Get Out director Jordan Peele’s new film sees Adelaide Thomas (Lupita Nyong’o) returns to the site of a childhood trauma with her husband (Winston Duke) and children (Shahadi Wright Joseph and Evan Alex). After a few strange encounters, the family find themselves stalked by a deranged group of strangers who appear to be sinister doppelgangers of the family. Adelaide and her family must fight to survive and figure out who these people are and where they are coming from.
Us is another thrilling and agonisingly tense experience from Peele. Playing only initially as a horror movie before flirting with home invasion tropes and finally graduating to all out apocalypse, it’s certainly a film that keeps you guessing. Whereas Get Out maintained a sinister mystery around its runtime. Us has some surprises, including a final twist that’s bound to provoke some controversy, but plays it’s hand fairly early. Once the baddies are on screen, all our heroes can do is run. It’s not quite the same thrill as seeing Chris blunder through an environment packed with hidden threats.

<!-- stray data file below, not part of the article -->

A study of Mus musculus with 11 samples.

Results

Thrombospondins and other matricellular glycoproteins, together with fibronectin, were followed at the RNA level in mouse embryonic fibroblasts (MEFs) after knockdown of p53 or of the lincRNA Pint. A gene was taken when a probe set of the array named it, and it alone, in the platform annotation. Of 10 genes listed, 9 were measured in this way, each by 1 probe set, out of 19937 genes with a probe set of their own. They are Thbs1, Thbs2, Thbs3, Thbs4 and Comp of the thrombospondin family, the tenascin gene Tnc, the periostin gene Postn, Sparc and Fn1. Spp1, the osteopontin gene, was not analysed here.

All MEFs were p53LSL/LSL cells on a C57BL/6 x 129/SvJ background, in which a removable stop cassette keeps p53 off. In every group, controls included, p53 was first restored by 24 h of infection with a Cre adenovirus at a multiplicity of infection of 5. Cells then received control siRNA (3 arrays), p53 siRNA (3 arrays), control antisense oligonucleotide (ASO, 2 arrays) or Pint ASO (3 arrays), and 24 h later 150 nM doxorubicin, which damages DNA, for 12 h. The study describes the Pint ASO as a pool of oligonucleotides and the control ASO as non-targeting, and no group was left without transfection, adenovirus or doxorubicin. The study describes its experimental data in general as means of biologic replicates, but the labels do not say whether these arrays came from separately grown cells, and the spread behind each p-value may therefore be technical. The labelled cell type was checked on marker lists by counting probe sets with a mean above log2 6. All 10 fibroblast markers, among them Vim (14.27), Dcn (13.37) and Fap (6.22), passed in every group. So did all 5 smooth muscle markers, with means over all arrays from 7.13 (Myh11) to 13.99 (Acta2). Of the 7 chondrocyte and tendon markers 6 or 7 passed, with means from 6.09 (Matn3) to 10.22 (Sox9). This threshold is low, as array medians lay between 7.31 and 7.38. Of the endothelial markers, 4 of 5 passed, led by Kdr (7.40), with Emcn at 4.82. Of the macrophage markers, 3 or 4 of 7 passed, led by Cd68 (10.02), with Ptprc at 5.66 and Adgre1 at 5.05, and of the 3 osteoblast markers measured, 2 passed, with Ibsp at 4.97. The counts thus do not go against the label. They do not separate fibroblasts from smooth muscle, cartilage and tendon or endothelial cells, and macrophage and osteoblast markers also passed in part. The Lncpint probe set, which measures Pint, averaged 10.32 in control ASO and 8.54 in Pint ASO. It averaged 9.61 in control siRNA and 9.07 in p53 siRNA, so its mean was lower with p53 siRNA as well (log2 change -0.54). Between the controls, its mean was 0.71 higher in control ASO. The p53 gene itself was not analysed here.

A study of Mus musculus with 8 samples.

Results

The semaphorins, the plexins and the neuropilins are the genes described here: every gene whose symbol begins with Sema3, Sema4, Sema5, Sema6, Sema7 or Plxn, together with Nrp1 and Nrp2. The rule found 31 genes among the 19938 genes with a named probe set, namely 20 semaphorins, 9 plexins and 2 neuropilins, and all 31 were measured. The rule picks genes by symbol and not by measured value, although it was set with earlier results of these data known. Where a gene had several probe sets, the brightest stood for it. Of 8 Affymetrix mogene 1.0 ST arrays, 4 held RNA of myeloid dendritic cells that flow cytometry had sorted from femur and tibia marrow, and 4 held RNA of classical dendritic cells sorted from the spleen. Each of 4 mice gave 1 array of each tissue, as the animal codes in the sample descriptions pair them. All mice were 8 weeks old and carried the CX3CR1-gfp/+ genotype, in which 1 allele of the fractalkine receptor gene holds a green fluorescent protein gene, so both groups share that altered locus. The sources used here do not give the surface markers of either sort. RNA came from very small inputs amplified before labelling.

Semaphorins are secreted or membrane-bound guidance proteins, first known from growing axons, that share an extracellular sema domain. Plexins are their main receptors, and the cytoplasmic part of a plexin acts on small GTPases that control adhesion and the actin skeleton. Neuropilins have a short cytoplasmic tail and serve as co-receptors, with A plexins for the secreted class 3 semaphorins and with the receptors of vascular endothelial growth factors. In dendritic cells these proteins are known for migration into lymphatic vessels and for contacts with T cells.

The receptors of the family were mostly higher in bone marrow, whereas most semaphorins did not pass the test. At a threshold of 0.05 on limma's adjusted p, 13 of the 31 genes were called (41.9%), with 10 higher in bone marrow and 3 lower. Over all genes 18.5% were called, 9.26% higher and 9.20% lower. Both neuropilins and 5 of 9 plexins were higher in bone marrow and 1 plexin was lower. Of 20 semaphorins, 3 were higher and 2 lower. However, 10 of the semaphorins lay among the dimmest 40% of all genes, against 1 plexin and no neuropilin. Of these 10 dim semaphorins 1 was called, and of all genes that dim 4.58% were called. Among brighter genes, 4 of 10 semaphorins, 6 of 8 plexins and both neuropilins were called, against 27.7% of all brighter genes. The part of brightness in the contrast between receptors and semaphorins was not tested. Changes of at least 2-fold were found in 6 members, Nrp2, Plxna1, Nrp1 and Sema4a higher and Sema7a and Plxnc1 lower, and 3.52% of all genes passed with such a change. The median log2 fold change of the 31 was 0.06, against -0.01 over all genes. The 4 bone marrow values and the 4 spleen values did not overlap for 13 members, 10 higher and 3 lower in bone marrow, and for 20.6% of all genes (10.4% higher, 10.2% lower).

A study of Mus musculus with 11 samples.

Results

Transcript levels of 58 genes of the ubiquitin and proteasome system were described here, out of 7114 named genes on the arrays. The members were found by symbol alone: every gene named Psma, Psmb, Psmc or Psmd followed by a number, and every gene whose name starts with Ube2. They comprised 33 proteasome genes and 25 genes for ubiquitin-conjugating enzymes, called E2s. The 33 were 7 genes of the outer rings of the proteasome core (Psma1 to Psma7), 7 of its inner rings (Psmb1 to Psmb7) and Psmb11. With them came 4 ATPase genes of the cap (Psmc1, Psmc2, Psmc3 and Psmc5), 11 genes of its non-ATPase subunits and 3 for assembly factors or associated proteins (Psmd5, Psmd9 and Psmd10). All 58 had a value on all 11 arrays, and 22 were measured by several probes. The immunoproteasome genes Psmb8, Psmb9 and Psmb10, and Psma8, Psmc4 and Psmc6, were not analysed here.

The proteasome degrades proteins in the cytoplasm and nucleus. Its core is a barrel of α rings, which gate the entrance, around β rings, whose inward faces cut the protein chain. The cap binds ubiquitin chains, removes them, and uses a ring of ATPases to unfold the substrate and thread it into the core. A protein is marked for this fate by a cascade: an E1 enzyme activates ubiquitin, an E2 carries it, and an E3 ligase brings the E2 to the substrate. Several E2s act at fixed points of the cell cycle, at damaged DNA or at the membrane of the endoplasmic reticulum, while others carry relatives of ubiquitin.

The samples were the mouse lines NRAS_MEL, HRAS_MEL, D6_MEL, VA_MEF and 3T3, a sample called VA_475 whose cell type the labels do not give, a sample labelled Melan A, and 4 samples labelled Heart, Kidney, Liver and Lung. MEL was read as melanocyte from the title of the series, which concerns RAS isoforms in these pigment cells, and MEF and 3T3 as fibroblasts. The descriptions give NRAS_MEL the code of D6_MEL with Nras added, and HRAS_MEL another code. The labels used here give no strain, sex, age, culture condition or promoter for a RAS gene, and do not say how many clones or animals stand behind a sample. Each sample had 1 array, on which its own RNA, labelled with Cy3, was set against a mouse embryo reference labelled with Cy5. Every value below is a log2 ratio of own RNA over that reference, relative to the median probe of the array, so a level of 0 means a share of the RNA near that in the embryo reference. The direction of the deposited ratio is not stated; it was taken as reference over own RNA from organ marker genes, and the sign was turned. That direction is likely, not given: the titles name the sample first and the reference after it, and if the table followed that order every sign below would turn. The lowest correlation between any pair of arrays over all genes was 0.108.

Each member of the cast must play two characters. Lupita Nyong’o is fantastically menacing as the vindictive Red, and wholly sympathetic as the troubled Adeleid. Her eyes are used to menacing effect. Child actors Madison Curry and Ashley McKoy portray the young Adeleid and are as sinister as the twins from The Shining. Winston Duke shows a tender side to the imposing figure seen in Ryan Coogler’s Black Panther (our review here: https://wp.me/p8FNZO-Wf). His father figure provides some of the films funnier moments. There is a vicious sense of humour in Us.
Perhaps one thing that’s lacking is the focus of Get Out. The feels certainly more ambitious but a little less assured. Whereas Peele’s first feature kept me compelled through, I sometimes found myself lost in Us, wondering where the narrative was going, The final reveal of who the doppelgangers are certainly works thematically and has all sorts of parallels to real world sub-classes, but from a narrative perspective it makes very little sense.
The twist, does however, allow for some very playful imagery. Scenes in the doppelganger’s world beneath the united states are disturbing and reminiscent of Lynch. The red boiler suited antagonists are meant to invoke classic slasher villains like Jason Voorhees and Michael Myers. They carry scissors and wear a single leather glove. It’s an elegant and deeply sinister monster design. The doppelgangers’ are exaggerated forms of their above-world selves. It’s entertaining to see how some of the characters translate into pure evil.
Us is an intense thriller that is both terrifying and provocative. It may be a little messier than its predecessor but is still funny, scary and interesting in a way that seems to come to Peele naturally, though he should probably stick to one genre changing idea at time.